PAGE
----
Far from the plodding bureaucracy of the United Nations, activists on the US-Mexico border are redefining what it means to defend human rights in the 21st century. The Border Network for Human Rights (BNHR) in El Paso, Texas, is a 20-year-old organization built from the ground up. Its strategy centers around a profound and unique philosophy: that in order to build a society that respects human rights, the people in it must believe in their own dignity, even in the face of systemic oppression and violence.
Gabriela Castañeda, a previously undocumented mother of three, has been separated from her husband for 10 years after a series of crossings, deportations, reentries, and incarceration. She’s experienced the pain of US border policy firsthand, and has lived subsumed in a culture that reinforces the fear associated with rightlessness.
“For you to believe that you have rights is a long process, especially after so many years of being told that you are a criminal because you crossed the river,” she says. “I became a member of this organization, and shortly after I was the one asking more questions. So they invited me to become a human-rights promoter.”
At a moment when critics talk about human rights in its “twilight,” at “endtimes,” or as “failed,” the Border Network reimagines human rights outside of its elite, top-down, professional forms, anchoring its commitments firmly in personal relationships. Promoters hold meetings in their neighbors’ homes over coffee. They teach on the Universal Declaration of Human Rights, the US Constitution, and the history of immigration. Sharing this knowledge and exposing neighbors to international human-rights norms helps them reconsider their own situations.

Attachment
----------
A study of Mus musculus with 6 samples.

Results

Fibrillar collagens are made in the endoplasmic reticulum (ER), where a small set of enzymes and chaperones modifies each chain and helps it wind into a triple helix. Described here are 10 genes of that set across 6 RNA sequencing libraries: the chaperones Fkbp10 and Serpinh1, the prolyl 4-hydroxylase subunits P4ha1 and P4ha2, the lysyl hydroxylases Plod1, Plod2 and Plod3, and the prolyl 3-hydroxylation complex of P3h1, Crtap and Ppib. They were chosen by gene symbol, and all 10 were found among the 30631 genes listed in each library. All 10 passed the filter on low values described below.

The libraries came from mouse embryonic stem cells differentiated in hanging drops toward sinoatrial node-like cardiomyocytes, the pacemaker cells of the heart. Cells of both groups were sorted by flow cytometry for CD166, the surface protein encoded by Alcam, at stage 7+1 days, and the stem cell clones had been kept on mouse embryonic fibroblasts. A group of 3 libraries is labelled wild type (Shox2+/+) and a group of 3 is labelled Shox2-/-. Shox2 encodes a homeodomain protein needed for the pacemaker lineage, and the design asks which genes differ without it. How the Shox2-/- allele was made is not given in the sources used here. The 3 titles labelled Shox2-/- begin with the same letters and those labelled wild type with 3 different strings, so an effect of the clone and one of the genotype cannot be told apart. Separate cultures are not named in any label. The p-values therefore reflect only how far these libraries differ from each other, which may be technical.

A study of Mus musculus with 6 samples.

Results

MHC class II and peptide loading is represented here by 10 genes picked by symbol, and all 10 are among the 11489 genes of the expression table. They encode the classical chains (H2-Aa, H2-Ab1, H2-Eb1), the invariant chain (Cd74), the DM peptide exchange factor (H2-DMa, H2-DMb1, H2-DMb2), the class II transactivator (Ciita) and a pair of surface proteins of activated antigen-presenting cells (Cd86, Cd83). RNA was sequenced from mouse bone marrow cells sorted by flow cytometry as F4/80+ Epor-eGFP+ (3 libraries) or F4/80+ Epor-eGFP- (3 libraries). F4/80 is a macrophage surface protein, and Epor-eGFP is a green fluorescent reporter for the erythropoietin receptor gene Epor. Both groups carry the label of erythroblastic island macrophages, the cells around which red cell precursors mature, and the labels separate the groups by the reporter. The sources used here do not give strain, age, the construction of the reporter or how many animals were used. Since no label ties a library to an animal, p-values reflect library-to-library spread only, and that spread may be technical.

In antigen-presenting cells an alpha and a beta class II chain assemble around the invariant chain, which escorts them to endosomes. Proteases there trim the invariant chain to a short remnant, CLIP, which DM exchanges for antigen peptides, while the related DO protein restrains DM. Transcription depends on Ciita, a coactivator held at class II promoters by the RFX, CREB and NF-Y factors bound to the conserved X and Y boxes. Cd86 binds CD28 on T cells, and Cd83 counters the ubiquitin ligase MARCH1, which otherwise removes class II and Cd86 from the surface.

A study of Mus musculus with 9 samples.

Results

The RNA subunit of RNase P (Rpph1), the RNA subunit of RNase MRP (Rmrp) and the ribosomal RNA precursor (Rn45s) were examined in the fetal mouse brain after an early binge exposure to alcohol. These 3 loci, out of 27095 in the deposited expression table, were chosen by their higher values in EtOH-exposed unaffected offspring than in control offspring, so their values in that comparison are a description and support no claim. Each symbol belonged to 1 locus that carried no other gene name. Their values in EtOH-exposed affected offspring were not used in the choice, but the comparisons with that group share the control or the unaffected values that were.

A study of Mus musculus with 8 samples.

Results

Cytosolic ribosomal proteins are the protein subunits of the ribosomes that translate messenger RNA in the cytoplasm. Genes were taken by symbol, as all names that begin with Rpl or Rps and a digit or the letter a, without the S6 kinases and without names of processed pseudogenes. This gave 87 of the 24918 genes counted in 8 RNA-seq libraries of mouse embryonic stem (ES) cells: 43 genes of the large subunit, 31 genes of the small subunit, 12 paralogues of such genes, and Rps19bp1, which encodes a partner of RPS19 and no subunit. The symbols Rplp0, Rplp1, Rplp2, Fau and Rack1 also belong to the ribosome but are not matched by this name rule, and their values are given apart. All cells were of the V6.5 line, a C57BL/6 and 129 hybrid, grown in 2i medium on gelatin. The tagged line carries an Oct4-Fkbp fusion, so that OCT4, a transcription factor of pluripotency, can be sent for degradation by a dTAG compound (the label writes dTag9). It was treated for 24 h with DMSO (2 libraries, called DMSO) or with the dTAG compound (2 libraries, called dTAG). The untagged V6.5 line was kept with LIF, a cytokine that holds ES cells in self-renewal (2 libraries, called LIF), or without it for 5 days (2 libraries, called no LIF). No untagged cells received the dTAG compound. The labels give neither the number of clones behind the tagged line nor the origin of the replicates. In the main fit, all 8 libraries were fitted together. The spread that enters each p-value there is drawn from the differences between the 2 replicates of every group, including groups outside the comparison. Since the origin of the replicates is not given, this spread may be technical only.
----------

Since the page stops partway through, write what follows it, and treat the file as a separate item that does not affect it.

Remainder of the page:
Castañeda says that since joining, her life has been transformed. She began as an eager audience member surprised to hear that she, as an undocumented immigrant, had legal rights. In her current role as the organization’s communication director, she is a leader, an example, and a proof of concept.
It is also in these living rooms and around these kitchen tables that individuals share their own experiences of abuse, face-to-face in a space structured by trust. For Fernando Garcia, BNHR’s executive director, the home is a crucial arena for the organization.
“They were looking for a space to tell the story. Because sometimes when you don’t tell the story of abuse it becomes a burden in your life,” Garcia explains. Alleviating that burden transforms people and reminds them who they are: not victims but individuals who deserve respect, dignity, and fair treatment before the law.
“That is what I call building consciousness, destroying the different layers of oppression and darkness that doesn’t allow them to see that they can change reality,” Garcia goes on. If the reality of immigrant communities is defined by harassment, intimidation, and demonization, a new reality can only come out of a revolution of the soul and of the spirit. “Members of our community that were extremely afraid…. they didn’t feel that they were empowered, they did not feel that they were the subjects of change.”